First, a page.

If you are interested in blogging or want to promote your book, please contact E. B. Davis at writerswhokill@gmail.com.


April Interviews













4/1 Jennifer Chow, Mimi Lee Gets A Clue
4/8 John Gaspard
4/15 Art Taylor, The Boy Detective & The Summer of '74
4/22 Maggie Toussaint, Seas the Day
4/29 Grace Topping, Staging Wars


Saturday Guest Bloggers
4/4 Sasscer Hill
4/18 Jackie Green


WWK Bloggers:
4/11 Paula Gail Benson
4/25 Kait Carson



Congratulations to our writers for the following publications:

Look for Kaye George and Margaret S. Hamilton's short stories in the new Mid-Century Murder by Darkhouse Books. Kaye's story is "Life and Death on the Road" and Margaret's story is titled "4BR/3.5BA Contemporary."


Kaye George's first novel in the Vintage Sweets mystery series, Revenge is Sweet, will be released on March 10th. Look for the interview here on March 11.


Grace Topping's second novel in Laura Bishop staging series, Staging Wars, will be released by Henery Press on April 28th. Look for the interview here on April 29th.


Don't miss Shari Randall's "The Queen of Christmas" available on at Amazon. Shari's holiday story for WWK was too long so she published it for our enjoyment. It's available for 99 cents or on Kindle Unlimited for free!


KM Rockwood's "The Society" and "To Die A Free Man; the Story of Joseph Bowers" are included in the BOULD Awards Anthology, which was released on November 19. KM won second place with a cash prize for "The Society." Congratulations, KM! Kaye George's "Meeting on the Funicular" is also in this anthology, which can be bought for 99 cents on Kindle until November 30.


Shari Randall will be writing again for St. Martin's, perhaps under a pseudonym. We look forward to reading Shari's Ice Cream Shop Mystery series debuting next year. Congratulations, Shari!


Trials and Tribulations of an Author Newsletter


On Monday I sent out my second quarterly newsletter to everyone who signed up to receive it. I haven’t harvested email addresses; everyone had to click on a link and sign up with Tinyletter (a free service to manage newsletters), so the list is modest (but select). The process has been frustrating, and I wonder if anyone reads author newsletters?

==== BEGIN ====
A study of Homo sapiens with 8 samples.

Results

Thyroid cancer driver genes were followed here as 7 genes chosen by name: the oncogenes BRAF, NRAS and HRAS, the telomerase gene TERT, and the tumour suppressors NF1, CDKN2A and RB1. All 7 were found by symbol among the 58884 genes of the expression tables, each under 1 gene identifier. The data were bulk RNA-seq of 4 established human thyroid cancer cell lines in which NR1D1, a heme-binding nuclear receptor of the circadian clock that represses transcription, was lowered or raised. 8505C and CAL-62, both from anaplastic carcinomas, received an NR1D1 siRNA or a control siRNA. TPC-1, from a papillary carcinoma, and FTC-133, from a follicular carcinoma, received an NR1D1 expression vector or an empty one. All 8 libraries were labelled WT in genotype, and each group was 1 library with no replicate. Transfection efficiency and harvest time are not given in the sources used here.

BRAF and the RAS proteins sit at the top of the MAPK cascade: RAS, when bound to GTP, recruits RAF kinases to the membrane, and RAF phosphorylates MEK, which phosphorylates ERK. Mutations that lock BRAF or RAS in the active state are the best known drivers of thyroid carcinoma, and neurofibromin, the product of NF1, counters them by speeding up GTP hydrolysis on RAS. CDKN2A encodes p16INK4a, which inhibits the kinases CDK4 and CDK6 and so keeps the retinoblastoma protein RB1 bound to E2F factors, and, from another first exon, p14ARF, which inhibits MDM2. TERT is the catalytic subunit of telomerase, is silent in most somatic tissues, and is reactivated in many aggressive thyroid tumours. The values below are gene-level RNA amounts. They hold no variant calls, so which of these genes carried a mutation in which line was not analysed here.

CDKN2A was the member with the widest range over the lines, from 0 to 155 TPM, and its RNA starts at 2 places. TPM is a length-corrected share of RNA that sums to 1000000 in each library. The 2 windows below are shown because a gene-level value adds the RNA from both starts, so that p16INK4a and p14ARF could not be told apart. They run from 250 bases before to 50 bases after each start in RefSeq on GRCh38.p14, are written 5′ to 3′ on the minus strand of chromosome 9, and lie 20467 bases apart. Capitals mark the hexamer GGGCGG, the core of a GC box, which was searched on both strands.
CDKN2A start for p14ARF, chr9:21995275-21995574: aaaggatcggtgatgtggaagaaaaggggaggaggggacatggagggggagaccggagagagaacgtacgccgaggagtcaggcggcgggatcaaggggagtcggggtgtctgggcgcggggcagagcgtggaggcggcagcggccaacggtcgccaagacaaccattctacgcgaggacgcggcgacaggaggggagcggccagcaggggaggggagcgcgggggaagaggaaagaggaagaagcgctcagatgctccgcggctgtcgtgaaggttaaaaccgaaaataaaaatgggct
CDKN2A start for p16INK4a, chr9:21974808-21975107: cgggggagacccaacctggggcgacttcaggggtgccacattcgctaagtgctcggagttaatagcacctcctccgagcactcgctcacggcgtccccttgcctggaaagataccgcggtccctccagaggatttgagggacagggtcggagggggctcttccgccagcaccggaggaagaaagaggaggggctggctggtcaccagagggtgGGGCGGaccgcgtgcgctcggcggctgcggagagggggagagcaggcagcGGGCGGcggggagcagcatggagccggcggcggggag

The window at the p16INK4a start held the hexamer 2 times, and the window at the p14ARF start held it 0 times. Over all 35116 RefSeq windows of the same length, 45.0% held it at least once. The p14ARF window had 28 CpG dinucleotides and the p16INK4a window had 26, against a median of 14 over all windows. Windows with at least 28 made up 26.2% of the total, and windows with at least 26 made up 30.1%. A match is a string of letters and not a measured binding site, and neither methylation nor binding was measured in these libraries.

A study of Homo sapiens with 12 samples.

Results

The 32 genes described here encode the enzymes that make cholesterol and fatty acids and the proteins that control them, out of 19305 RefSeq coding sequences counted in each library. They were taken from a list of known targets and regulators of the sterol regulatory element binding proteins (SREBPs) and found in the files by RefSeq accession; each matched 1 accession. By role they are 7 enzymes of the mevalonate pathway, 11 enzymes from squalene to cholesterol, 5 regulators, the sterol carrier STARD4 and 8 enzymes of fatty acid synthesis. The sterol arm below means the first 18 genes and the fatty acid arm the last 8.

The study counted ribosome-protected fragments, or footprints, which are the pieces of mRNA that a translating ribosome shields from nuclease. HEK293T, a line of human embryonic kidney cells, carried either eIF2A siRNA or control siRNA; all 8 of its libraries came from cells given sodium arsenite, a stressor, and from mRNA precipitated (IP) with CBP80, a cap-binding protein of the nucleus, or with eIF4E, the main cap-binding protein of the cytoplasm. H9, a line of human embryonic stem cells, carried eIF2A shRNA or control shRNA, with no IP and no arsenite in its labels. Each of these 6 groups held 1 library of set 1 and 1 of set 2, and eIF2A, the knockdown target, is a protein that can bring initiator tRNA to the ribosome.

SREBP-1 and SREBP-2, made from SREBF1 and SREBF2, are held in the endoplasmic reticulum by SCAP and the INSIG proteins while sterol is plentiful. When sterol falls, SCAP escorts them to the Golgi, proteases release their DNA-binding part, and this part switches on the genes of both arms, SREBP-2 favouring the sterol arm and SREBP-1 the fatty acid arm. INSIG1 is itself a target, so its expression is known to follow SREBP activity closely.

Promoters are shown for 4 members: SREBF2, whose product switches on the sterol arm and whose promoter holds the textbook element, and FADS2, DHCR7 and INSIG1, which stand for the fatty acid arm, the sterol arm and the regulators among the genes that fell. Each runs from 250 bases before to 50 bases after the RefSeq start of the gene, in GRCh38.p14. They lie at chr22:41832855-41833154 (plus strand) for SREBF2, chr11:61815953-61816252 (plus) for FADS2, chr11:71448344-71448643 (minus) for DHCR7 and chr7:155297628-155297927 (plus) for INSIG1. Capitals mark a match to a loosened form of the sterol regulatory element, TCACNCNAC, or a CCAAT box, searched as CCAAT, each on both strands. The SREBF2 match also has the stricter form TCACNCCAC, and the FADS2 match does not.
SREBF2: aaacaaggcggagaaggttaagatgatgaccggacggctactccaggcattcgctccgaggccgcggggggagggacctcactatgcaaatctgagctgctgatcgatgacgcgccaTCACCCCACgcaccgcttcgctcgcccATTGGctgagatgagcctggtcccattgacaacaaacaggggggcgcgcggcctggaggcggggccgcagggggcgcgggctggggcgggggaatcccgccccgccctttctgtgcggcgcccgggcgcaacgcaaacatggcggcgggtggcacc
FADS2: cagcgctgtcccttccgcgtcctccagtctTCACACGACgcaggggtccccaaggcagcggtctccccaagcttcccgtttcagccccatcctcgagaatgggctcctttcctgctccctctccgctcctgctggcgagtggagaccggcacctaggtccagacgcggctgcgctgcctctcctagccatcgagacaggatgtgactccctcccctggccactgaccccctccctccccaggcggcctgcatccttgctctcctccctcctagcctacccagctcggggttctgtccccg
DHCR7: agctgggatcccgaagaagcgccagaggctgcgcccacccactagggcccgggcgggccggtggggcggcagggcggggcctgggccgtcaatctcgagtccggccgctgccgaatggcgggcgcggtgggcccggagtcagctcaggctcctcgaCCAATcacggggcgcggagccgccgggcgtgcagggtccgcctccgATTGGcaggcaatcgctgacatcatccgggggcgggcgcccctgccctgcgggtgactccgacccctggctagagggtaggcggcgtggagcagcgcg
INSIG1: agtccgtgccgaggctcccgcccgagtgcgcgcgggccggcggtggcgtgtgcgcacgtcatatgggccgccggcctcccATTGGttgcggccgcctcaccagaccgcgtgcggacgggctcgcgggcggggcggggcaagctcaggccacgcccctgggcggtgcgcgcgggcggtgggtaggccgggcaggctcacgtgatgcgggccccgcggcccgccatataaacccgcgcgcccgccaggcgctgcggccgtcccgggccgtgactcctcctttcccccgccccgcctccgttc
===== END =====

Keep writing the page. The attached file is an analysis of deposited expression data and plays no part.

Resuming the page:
I consider my subscribers to be my best supporters and want to give them value. I filled the first issue chock-full of what I hoped would be good stuff. I had a drawing for a free copy of Bad Policy (Gloria Alden won); I had an exclusive interview with Seamus McCree, main character in Bad Policy; I added an audio short story that featured Seamus and was published in the first Guppy anthology, Fish Tales.

I wanted to make it attractive and use colors and sidebars, but I couldn’t do that in Tinyletter. Instead, I created the newsletter in Word and converted it to a pdf file that people could read wherever they wanted. I copied the email address into my own address book and mailed the newsletter using one of my email accounts. Unfortunately, most spam filters decided all this rich material must constitute junk mail, meaning people had to dig it out of their junk or spam folders.

Not exactly ideal.

For the second newsletter, I initially decided to skip the fancy formatting, skip the pdf format and stick all the good stuff into one giant email. When I was all set, I sent a test email to myself—and it ended up in the junk bin!

I changed the email title—same result. I tried a tiny email without any links—went through no problem. Large email, no links—junk. Small email, one link—SUCCESS.

I ended up using Tinyletter to send a short email with a link to the newsletter as a pdf file download from my website. In the newsletter, I included information about life in general, past and future appearances and an exclusive interview with Seamus McCree’s son, Paddy, who plays a major role in Bad Policy and is also involved in the second in the series, Cabin Fever.

BTW, if you want the newsletter but didn’t sign up, send me an email at jmj [at] jamesmjackson [dot] com and I’ll get you this quarter’s newsletter and sign you up for future editions.

I am my own publicist, so creating the newsletter uses time I could spend writing (or reading). I’m interested in your guidance. Do you read author newsletters? What do you like best? What bores you? What else should I know to make mine better?

~ Jim


P.S. On the day of this blog, I am appearing along with Sasscer Hill and Agatha award winner Susan M. Boyer at the SC Book Festival in Columbia, South Carolina on a mystery panel moderated by Paula Benson.

3 comments:

Gloria Alden said...

Jim, I don't know how I'd fit a newsletter into everything else I have to do. I like that yours doesn't come out that often, and I read the last one and enjoyed it, but in all honesty, I get so overwhelmed with too much coming in to my inbox, that I tend to delete almost all of them unread.

Enjoy the SC Book Festival, Jim. It sounds like a good one.

Warren Bull said...

Hang in there. It takes a while to work out the bugs in any new process. I rarely read author newsletters. Especially if I have been out of town, the inbox gets stuffed and when I get back I purge it.

Elaine Will Sparber said...

Most newsletters I end up deleting because of time issues, but I do try to read those from friends and favorite authors. I've read both issues of your newsletter, Jim, and I enjoyed them both.

When the day comes that I need to think about an author newsletter, expect me to knock on your door for advice.